Since everyone has their list of mandatory Christmas movies to watch each holiday season, it’s safe to assume that many of us comic book fans have added superhero Christmas films to that list. Yes, there are in fact superhero Christmas movies. With so many superheroes hitting the big screen over the years, it was pretty unavoidable. Blending battles against villains with festive holiday settings and themes leads to a surprisingly refreshing aesthetic. These genres don’t always come together, but it’s a lot of fun when they do. Here’s a list of the best superhero Christmas movies.
Wonder Woman 1984
Diana Prince may have taken on Maxwell Lord and the Cheetah during Christmas time, but it also captures many themes often seen in holiday classics. Wonder Woman 1984 is heavily focused on making wishes that come true, and most people are likely familiar with a “Christmas wish.”
Plus, the film is chock full of themes about being with the people you love, like Maxwell Lord and his son or Diana and Steve Trevor. What’s more festive than spending time with the ones you love during the holidays? The final scene when Diana meets the man Steve was possessing the whole time at that looks to be a snowy Christmas festival is one of the most Christmassy visuals imaginable.
Iron Man 3
Iron Man 3 has the Scrooge known as Tony Stark learn a much-needed lesson in caring about other people and taking better care of himself. This is thanks to the help of a young boy he meets (that’s not Tiny Tim, but serves a similar purpose), along with those already in his life. The villain, Aldrich Killian, is someone from Tony’s past (who he met at a Christmas party twenty years ago) who has come back for vengeance, basically making him Tony’s Ghost of Christmas Past.
Sure, the pretty lights and decorations make it feel like Christmas, but Tony developing as a character and essentially learning the meaning of Christmas makes it feel like a true Christmas movie. Having his squadron of Iron Man armors serve as angels during the final act doesn’t hurt either. It’s A Christmas Carol with robotic armor and lasers. What more could you want?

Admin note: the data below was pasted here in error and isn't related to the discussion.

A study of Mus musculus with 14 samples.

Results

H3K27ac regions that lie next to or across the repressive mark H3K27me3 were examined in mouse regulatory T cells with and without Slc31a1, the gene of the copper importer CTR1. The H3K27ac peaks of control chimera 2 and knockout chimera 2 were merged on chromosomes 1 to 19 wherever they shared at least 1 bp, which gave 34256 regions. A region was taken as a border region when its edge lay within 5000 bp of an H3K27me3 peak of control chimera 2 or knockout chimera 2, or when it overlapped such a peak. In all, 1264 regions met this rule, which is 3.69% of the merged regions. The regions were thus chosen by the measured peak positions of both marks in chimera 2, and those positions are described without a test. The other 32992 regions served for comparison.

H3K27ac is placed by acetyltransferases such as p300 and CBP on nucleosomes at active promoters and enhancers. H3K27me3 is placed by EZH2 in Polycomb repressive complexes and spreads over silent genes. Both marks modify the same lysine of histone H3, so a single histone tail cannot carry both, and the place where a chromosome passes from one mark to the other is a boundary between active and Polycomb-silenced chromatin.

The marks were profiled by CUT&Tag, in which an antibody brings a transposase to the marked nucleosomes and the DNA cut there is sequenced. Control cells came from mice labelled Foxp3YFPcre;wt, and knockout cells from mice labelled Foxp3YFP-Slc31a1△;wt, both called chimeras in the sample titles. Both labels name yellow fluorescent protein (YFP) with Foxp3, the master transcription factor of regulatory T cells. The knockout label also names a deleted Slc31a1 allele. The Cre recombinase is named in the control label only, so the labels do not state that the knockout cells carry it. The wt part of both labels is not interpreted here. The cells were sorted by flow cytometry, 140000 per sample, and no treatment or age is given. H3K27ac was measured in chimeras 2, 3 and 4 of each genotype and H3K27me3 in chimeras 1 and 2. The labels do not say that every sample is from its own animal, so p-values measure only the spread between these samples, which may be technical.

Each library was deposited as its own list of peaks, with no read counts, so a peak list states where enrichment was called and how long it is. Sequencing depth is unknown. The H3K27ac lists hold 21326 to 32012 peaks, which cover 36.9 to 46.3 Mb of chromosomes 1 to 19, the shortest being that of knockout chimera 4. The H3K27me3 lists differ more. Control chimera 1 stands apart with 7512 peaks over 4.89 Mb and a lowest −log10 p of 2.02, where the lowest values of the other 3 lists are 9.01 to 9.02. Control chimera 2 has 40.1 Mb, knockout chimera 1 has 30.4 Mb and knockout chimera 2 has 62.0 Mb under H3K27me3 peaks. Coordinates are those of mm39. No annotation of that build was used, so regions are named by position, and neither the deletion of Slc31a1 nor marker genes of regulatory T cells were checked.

In case you couldn’t tell from A Nightmare Before Christmas, Tim Burton is a master at creating great gothic Christmas tales. His film Batman Returns is no different. Yes, there’s a lighting ceremony for Gotham City’s massive Christmas tree and a kissing-under-the-mistletoe scene, but this is a Christmas movie in many other ways as well.
It’s a story of those who are often forgotten around the holidays; those who don’t have families or many loved ones (Batman, Catwoman, and the Penguin). It’s a darker, yet realistic take on the holiday that many may not immediately think of. It’s still one of the few films to touch on it as well. We see how each of them fights to have what others have during the holidays, which, in an odd way, brings them all together. We also see how greed during the holidays leads to Max Schreck’s downfall, like the antagonists in many Christmas classics like in Frosty the Snowman.
Jingle All the Way
You’re probably thinking that Jingle All the Way is a Christmas movie, but isn’t actually a superhero movie. Well, try thinking that after Howard (as Turboman) flies over the city to battle Myron (as Dementor) and to save his son. This movie used the trope-filled final act of a modern superhero film roughly two decades earlier than the Marvel Cinematic Universe. The superhero armor, the sidekick, the supervillain, the evil minions, the high-stakes showdown, the cheesy special effects, the use of gadgets to mimic superpowers all make Jingle All the Way feel like an actual superhero movie.
There are also entertaining action scenes leading up to the suspenseful third act, like when Arnold Schwarzenegger takes on WWE’s The Big Show (who’s dressed as a buff Santa). If Die Hard can be considered a Christmas movie, then Jingle All the Way can certainly be seen as a superhero movie.
One of the key elements of most Christmas classics is the large amount of heart throughout it, and Shazam! is overflowing with it. The film, much like the source material, focuses a lot on a foster family. Sure, Billy wants to find his birth mom, but once he does so, he realizes that true family is more about love than blood.
Billy is a young boy who feels lost and abandoned until he bonds with and finds a place of belonging with his new family, which is what Christmas is all about. Opening on a scene that takes place on Christmas Eve 1974 and flashing forward to the current-day Christmas season, prominently featuring songs like “Do You Hear What I Hear?” and “I’ll be Home for Christmas,” and having the final battle take place at a Christmas carnival all further solidifies Shazam! as a Christmas movie.
Are there any superhero flicks on your must-watch holiday list? If so, which ones? Again, superhero and Christmas subgenres blending together makes for a unique and especially fun aesthetic, so hopefully we see more of it in the future.